New Orleans Prepares To Explode Unstable Cranes At Hard Rock Hotel Collapse Site A tropical storm will bring gusty winds to the area, threatening the stability of two towering cranes that remain unstable following last weekend's disaster.
NPR logo New Orleans Will Use Explosives To Topple Cranes At Hard Rock Hotel Collapse Site

New Orleans Will Use Explosives To Topple Cranes At Hard Rock Hotel Collapse Site

The two unstable cranes at the Hard Rock Hotel collapse site will be brought down by a controlled explosion. Gerald Herbert/AP hide caption


The two unstable cranes at the Hard Rock Hotel collapse site will be brought down by a controlled explosion.

Gerald Herbert/AP

Following the partial collapse of a Hard Rock Hotel construction site in New Orleans last weekend, city officials are preparing to stage a controlled explosion that will bring down two badly damaged cranes towering over the city. The detonation is planned for Saturday close to midday, according to authorities.

The collapse killed three workers and left more than 20 others injured last Saturday. A video released by WWL-TV shows bystanders fleeing the scene as one side of the building topples to the ground, covering the street in debris and dust.

Louisiana Gov. John Bel Edwards said the formation of Tropical Storm Nestor influenced officials' decision to move forward with a controlled demolition, owing to the gusty winds it will bring to the area.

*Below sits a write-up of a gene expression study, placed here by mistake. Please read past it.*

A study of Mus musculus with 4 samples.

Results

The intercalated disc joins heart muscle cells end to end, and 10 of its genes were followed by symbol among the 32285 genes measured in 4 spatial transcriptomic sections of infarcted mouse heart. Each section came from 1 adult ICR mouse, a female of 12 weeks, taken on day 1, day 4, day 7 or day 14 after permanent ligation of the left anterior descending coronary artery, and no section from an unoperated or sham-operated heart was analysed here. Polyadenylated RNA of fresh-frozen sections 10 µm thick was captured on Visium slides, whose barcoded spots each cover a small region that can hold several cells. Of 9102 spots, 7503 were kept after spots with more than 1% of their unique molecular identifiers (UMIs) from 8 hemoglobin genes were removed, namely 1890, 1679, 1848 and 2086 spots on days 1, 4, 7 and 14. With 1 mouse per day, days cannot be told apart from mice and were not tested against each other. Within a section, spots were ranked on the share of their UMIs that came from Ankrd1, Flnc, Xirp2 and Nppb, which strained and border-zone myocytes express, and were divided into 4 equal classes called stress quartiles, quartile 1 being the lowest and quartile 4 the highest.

"There is a probability that we're going to have elevated winds regardless, and winds that pose a particular danger with respect to the cranes that remain in place over here at the site of the Hard Rock Hotel," Edwards told reporters. "We have concerns about how the weather may impact the operation here and the stability of the two cranes."

The collapse site seen from the air. Gerald Herbert/AP hide caption


The collapse site seen from the air.

Gerald Herbert/AP

Tropical Storm Nestor is not expected to pass over New Orleans, but the city's mayor, LaToya Cantrell, issued a declaration of emergency because of the storm's winds and the hotel's collapse.

Fire Chief Tim McConnell described the city's plan to destroy the cranes, which will involve the use of "small explosives that will damage in a very methodical way that will bring the cranes down in an exact location." If all goes as planned, the explosion will look like it's "melting," according to McConnell.

The cranes, one standing about 270 feet tall and the other about 300 feet, are not stable. McConnell said the towers moved several inches overnight.

The city spent the days following the collapse evaluating the stability of the cranes and searching for an individual who remained missing in the wreckage. On Wednesday evening, the city decided to switch from rescue mode to recovery mode, after evidence indicated the missing person had not survived.

A temporary evacuation zone surrounds the area around the hotel, displacing residents and businesses. The city's Health Department is making resources, including mental health counseling, available to those impacted by the collapse.

In anticipation of the explosion, the city is removing vehicles from the area and shutting off gas service to mitigate hazards.

The Occupational Safety and Health Administration will investigate the cause of the collapse, which remains unknown. Citadel Builders LLC, the contractor hired to build the hotel, said it will cooperate and aid in any investigations.

Two law firms are filing a lawsuit against developers on behalf of 10 people injured, seeking unspecified damages.

Paolo Zialcita is an intern on NPR's News Desk.

Correction Oct. 18, 2019

A previous version of this story incorrectly referred to the Occupational Safety and Health Administration as the Occupational Health and Safety Administration.